Study finds stem cells repair damaged heart tissue
The Miami Herald reports that in a University of Miami/Johns Hopkins University study, heart-attack patients who received direct injections of stem cells to their damaged heart muscles were found to have reduced scar tissue and other improvements -- even decades after a heart attack.
According to the report:
The study, which was funded by the National Institutes of Health and published in the Journal of the American Medical Association this week, found that stem cell injections into the heart muscle reduced scar tissue by one third, built up healthy heart tissue and remodeled the spherical shape of the damaged heart to look more like a football-shaped healthy heart.
Note: Dr. Joshua Hare, the leader of the stem cell study, will speak in Ann Arbor on April 29, 2013, as part of the Taubman Institute's Visiting Professor Lecture Series and the U-M Health System's Frontiers in Cardiovascular Science seminars.
Stem cell symposium set for Sept. 19 in Ann Arbor
Dr. Eva Feldman will be among the speakers at the one-day event, which focuses on cutting-edge developments in stem-cell biology, epigenetics and regneratrive medicine.
Click here for details and registration.
New U-M President visits Taubman Institute
The Institute hosted a fellow clinician-scientist when the University of Michigan’s new president paid a visit to the A. Alfred Taubman Biomedical Science Research Building.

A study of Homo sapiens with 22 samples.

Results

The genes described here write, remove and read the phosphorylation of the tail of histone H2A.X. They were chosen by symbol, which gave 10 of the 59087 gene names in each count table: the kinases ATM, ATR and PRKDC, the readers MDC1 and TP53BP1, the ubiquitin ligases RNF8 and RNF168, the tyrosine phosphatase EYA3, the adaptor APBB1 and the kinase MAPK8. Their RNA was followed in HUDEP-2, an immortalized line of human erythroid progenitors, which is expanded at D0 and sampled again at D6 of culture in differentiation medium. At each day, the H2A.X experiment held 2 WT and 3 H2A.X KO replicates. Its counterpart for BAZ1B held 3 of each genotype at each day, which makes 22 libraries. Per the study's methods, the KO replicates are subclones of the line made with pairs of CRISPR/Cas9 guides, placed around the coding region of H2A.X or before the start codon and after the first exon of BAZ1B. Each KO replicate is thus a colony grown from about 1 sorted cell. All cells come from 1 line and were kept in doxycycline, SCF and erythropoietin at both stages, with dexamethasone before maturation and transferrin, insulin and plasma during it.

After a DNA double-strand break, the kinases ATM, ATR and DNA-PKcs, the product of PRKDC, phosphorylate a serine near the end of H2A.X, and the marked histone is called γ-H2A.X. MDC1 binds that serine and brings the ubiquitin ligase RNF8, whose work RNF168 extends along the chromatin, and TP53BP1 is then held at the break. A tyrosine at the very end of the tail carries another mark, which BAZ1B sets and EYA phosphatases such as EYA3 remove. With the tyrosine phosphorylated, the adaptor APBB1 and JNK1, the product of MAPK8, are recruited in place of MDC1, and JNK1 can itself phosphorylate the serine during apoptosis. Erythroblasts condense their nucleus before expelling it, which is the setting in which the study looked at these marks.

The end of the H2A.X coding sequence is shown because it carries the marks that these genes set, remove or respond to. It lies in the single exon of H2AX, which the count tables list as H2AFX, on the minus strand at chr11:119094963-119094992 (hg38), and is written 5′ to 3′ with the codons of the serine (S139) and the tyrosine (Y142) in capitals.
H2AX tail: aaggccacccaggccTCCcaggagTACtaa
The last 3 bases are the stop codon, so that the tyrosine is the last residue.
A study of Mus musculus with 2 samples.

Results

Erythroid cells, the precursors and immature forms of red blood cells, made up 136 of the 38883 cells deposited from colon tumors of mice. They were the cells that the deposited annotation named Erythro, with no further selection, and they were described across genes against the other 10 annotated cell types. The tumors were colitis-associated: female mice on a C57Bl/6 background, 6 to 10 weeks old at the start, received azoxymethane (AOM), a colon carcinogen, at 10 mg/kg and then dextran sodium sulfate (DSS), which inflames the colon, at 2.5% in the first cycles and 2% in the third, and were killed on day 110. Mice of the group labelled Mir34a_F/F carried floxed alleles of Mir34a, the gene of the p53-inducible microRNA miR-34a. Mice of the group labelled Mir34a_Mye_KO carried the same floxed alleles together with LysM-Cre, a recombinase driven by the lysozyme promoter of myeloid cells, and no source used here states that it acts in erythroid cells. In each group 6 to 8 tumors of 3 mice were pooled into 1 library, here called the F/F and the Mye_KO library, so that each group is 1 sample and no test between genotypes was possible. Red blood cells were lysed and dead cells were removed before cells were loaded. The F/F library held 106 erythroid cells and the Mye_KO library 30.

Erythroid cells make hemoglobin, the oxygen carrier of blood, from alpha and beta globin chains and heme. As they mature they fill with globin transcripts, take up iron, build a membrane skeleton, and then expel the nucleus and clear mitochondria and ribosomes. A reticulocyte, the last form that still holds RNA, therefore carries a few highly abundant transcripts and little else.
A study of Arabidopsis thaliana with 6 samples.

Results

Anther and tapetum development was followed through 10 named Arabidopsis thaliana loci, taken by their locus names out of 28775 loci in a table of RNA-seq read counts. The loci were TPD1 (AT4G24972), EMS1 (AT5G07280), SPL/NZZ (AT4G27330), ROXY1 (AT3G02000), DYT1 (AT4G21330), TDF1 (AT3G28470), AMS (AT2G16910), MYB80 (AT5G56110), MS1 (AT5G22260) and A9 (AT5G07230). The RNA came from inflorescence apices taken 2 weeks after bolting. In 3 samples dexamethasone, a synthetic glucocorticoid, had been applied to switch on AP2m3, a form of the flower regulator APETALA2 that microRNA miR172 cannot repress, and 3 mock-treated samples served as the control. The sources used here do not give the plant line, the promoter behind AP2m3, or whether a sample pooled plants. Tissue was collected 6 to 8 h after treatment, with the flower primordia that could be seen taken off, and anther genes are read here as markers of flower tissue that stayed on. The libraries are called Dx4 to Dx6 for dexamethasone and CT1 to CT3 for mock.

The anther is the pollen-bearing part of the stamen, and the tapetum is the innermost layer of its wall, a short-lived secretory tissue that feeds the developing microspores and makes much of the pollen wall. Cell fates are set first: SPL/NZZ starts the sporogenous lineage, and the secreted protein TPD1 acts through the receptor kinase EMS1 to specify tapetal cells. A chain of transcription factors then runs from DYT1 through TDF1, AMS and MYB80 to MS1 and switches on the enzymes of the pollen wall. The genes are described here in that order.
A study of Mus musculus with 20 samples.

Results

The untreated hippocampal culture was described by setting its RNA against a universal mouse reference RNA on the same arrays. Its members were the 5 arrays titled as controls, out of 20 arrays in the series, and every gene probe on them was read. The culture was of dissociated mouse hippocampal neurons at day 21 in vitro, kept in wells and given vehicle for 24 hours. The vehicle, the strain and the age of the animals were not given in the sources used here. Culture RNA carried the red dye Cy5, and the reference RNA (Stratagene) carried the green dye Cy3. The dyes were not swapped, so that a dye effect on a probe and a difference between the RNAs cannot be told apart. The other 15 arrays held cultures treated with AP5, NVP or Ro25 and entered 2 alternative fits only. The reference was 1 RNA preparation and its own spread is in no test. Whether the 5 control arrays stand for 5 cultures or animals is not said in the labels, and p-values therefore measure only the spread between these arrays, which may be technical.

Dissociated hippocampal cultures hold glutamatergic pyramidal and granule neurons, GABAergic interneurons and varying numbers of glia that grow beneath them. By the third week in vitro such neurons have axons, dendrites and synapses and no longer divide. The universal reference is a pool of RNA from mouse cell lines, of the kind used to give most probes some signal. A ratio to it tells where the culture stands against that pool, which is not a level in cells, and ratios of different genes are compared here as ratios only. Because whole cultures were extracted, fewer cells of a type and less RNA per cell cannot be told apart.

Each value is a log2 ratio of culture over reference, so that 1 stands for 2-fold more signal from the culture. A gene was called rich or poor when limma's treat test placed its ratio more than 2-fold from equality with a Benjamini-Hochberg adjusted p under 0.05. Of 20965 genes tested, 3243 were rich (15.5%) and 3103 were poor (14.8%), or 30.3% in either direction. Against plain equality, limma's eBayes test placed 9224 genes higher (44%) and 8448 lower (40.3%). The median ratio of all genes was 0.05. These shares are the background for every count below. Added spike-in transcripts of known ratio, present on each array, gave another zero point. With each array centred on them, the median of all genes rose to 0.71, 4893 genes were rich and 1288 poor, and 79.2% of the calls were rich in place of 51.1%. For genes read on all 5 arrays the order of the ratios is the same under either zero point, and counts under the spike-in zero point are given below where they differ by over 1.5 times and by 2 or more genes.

Maria Muller has been appointed to work with connect donors with funding opportunities at the Taubman Institute.
Click here to read more.
The A. Alfred Taubman Medical Research Institute will award the 2014 $100,000 Taubman Prize for Excellence in Translational Medical Science at its 7th annual symposium at 10 a.m. on Oct. 10.
Dr. Carl June, a physician-scientist who developed a personalized immunotherapy for leukemia using patients’ own T cells, will receive the honor and deliver the symposium's keynote address.
Click here for symposium details.
Drug cuts risk of bone-marrow transplant side effect
Taubman Emerging Scholar Sung Won Choi, M.D., is the lead author of a new study that finds a new way to help prevent graft-vs-host disease in cancer patients receiving bone-marrow transplants.
Study: Two types of cancer stem cells lead to metastasis
Breast cancer stem cells exist in two different states and each state plays a role in how cancer spreads, according to a new study published by Taubman Senior Scholar Dr. Max Wicha.